It is time for us to end fur farming in Europe, writes Jennifer Hamerman of the European Campaign for Animal Rights.
There are 7200 fur farms in Europe and the EU accounts for 66 percent of global mink production and 70 percent of fox production. Animals on fur farms live in cramped and dirty wire cages. They are killed using the cheapest and most cruel methods, including suffocation, electrocution, gas, and poison. This practice is inhumane and has no place anywhere. Let us end it in our own backyard and send a signal to the rest of the world that fur farming is cruel.
Mink are wild and solitary by nature. They are not herd animals like many other farm animals. Mink and fox are territorial and, in the wild, go to great lengths to defend their territories. As acknowledged by the European Commission’s own report, these animals are unsuited to intensive farming and confinement. When these essentially wild animals are kept in small, wire cages on fur farms, they have been found to exhibit behaviours such as pacing along the cage wall, repetitive circling or nodding of the head and self-mutilation.
Mink on fur farms are usually gassed to death after being placed one after the other in killing boxes. Another method used is anal electrocution which requires considerable restraint, and use of electrodes inserted into orifices. If cardiac arrest is caused without first inducing unconsciousness, there is potential for the animal to experience extreme pain and distress. It is clear that both life and death on fur farms equal misery for the animals.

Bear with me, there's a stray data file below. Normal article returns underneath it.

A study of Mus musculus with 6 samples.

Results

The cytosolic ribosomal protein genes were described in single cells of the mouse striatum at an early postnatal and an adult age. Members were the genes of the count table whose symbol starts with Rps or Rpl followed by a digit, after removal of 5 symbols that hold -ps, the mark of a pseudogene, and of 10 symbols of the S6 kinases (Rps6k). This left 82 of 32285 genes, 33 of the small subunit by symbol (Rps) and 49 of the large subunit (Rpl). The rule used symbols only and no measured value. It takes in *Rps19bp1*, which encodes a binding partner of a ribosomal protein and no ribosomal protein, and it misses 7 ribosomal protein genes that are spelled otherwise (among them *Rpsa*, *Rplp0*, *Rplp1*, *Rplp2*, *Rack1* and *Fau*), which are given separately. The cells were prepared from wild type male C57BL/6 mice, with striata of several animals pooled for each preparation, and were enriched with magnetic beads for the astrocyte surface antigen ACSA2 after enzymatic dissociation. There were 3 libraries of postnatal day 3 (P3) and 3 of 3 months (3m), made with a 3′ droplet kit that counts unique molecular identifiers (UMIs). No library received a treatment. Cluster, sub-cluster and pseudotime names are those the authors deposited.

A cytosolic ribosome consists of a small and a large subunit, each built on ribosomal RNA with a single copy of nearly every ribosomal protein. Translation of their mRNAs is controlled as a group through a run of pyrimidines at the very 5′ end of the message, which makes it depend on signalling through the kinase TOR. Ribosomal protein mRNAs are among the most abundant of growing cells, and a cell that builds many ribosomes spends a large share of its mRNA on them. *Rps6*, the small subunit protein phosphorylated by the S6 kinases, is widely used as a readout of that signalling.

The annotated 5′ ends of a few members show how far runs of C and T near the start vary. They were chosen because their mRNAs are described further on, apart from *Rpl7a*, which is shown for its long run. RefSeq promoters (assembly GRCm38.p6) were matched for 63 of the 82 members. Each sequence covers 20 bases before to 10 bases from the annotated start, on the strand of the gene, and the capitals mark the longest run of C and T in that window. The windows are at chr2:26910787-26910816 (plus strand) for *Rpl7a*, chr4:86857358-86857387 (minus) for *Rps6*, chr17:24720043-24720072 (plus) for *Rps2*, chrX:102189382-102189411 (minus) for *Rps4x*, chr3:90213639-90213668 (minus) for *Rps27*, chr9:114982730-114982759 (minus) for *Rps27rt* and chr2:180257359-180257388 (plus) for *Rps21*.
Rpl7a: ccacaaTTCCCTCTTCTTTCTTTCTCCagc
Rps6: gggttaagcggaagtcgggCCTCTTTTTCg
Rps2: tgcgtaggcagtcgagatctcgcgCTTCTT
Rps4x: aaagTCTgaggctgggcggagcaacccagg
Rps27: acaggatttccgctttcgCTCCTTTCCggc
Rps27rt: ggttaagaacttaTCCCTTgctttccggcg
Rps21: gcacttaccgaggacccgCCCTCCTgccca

We can take heart from the fact that several EU Member States have recognised the inherent cruelty of raising and killing wild animals in this way. Austria, the United Kingdom and Croatia passed legislation to prohibit the breeding of animals for fur production. The Netherlands has also embarked on a process to phase-out mink farms by 2024.
However, this leaves many countries across the European Union where the practice of fur farming is still legal. This means that companies facing a ban in one country can simply move their production to another EU country that does not yet have a ban. This has been seen most recently with companies from the Netherlands moving farms to countries such as Romania. It seems sad that some newer EU members feel the need to permit such inhumane practices on their territory. In the case of Romania it is difficult to understand why a country with such a highly trained workforce, abundant natural resources, advantageous geographical location and a great capacity for high tech innovation needs to allow fur farming, a practice rejected as cruel in Croatia, the UK and Austria.
This is an industry that inflicts extreme cruelty, both in the way it forces animals to live and the methods used to kill. There are countless natural and synthetic alternatives for the clothing industry to use. We have no need or excuse for this industry. Europe faces so many competing challenges at the moment but we would argue that how we treat animals is central to our worth and values as a society. Let us bring an end to unnecessary cruelty and act to ban fur farming across Europe.